Jewish World Review
August 5, 2010
25 Menachem-Av, 5770
Victor Davis Hanson
Some 11 million to 15 million illegal aliens are now residing in America, most after crossing into America unlawfully. Once a federal law is arbitrarily not enforced, all sorts of bizarre paradoxes arise from that original contradiction. As proof, examine the following illogical policies and contradictions involving illegal immigration.
Take, for example, profiling -- the controversial questioning of those who appear likely to be illegal aliens. Apparently, American border guards have developed criteria for profiling those deemed likely to be unlawful aliens. Otherwise, how would they have arrested and deported hundreds of thousands in 2009?
Yet apparently, at some arbitrary point distant from the border, those who cross illegally are not supposed to be asked about their immigration status. OK, but exactly why did procedures so radically change at, say, five, 10, 20, or is it 100 miles from the border? A border patrolman often profiles, but a nearby highway patrolman cannot?
The federal government is suing Arizona for the state's efforts to enforce the federal immigration law. The lawsuit alleges that Arizona is too zealous both in enforcing immigration law and encroaching on federal jurisdiction.
But wait -- for years, several American cities have declared themselves sanctuary cities. City officials have even bragged that they would not allow their municipalities to enforce federal immigration statutes. So why does Washington sue a state that seeks to enhance federal immigration laws and yet ignore cities that blatantly try to erode them?
Something is going very wrong in Mexico to prompt more than half a million of its citizens to cross the border illegally each year. Impoverished Mexican nationals variously cite poor economic conditions back home, government corruption, a lack of social services, and racism. In other words, it is not just the desirability of America but also the perceived undesirability of Mexico that explains one of largest mass exoduses in modern history.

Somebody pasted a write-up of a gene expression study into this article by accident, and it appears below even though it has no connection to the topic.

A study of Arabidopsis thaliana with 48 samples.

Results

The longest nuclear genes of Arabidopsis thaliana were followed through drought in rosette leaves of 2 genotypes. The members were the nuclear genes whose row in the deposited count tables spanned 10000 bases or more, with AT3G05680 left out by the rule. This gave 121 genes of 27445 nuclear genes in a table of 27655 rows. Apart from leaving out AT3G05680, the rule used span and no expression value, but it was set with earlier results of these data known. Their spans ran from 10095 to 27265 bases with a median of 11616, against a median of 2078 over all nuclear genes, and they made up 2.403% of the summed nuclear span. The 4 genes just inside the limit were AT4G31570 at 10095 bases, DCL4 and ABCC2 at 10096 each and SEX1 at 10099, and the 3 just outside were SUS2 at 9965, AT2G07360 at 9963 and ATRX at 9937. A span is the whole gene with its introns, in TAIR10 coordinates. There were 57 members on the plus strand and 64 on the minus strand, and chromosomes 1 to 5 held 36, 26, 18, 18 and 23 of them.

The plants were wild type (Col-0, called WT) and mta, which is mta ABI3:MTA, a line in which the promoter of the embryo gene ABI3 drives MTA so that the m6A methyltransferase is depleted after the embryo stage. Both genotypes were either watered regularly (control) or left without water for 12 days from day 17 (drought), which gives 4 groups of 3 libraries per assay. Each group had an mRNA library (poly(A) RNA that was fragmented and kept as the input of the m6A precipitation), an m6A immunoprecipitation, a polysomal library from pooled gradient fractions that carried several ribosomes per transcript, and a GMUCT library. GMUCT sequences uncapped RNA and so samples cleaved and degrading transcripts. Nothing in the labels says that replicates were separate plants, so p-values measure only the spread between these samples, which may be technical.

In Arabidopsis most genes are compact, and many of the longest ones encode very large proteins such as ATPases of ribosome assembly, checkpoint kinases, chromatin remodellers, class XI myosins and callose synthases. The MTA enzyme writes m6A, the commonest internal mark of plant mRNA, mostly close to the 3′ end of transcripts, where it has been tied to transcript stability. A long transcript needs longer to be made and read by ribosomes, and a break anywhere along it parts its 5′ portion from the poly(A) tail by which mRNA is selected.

But why, then, would Mexican President Felipe Calderon, whose country's conditions are forcing out its own citizens, criticize the United States, which is receiving so many of them? And why, for that matter, would many of those illegal immigrants identify, if only symbolically, with the country that made them leave, whether by waving its flag or criticizing the attitudes of the Americans who took them in?
And how does Mexico treat the hundreds of thousands of aliens who seek to illegally cross its own southern border with Central America each year? Does Mexico believe in sovereign borders to its south but not to its north?
Is Mexico more or less humane to illegal aliens than the country it so often faults? Why, exactly, does Mexico believe that nearly a million of its own nationals annually have claims on American residency, when Chinese, Indian, European and African would-be immigrants are deemed not to? Is the reason proximity? Past history?
Proponents of open borders have organized May Day rallies, staged boycotts of Arizona, sued in federal and state courts, and sought to portray those who want to enforce existing federal immigration law as racially insensitive. But about 70 percent of Americans support securing our borders, and support the Arizona law in particular. Are a clear majority of Americans racist, brainwashed or deluded in believing that their laws should be enforced? And if so, why would immigrants wish to join them?
It is considered liberal to support open borders and reactionary to want to close them. But illegal immigration drives down the hourly wages of the working American poor. Tens of thousands of impoverished people abroad, from Africa to Asia, wait patiently to enter America legally, while hundreds of thousands from Latin America do not. How liberal can all that be?
America extends housing, food and education subsidies to illegal aliens in need. But Mexico receives more than $20 billion in American remittances a year -- its second-highest source of foreign exchange, and almost of it from its own nationals living in the United States. Are Americans then subsidizing the Mexican government by extending social services to aliens, freeing up cash for them to send back home?
These baffling questions are rarely posed, never addressed and often considered politically incorrect. But they will only be asked more frequently in the months ahead.
You see, once a law is not considered quite a law, all sorts of even stranger paradoxes follow.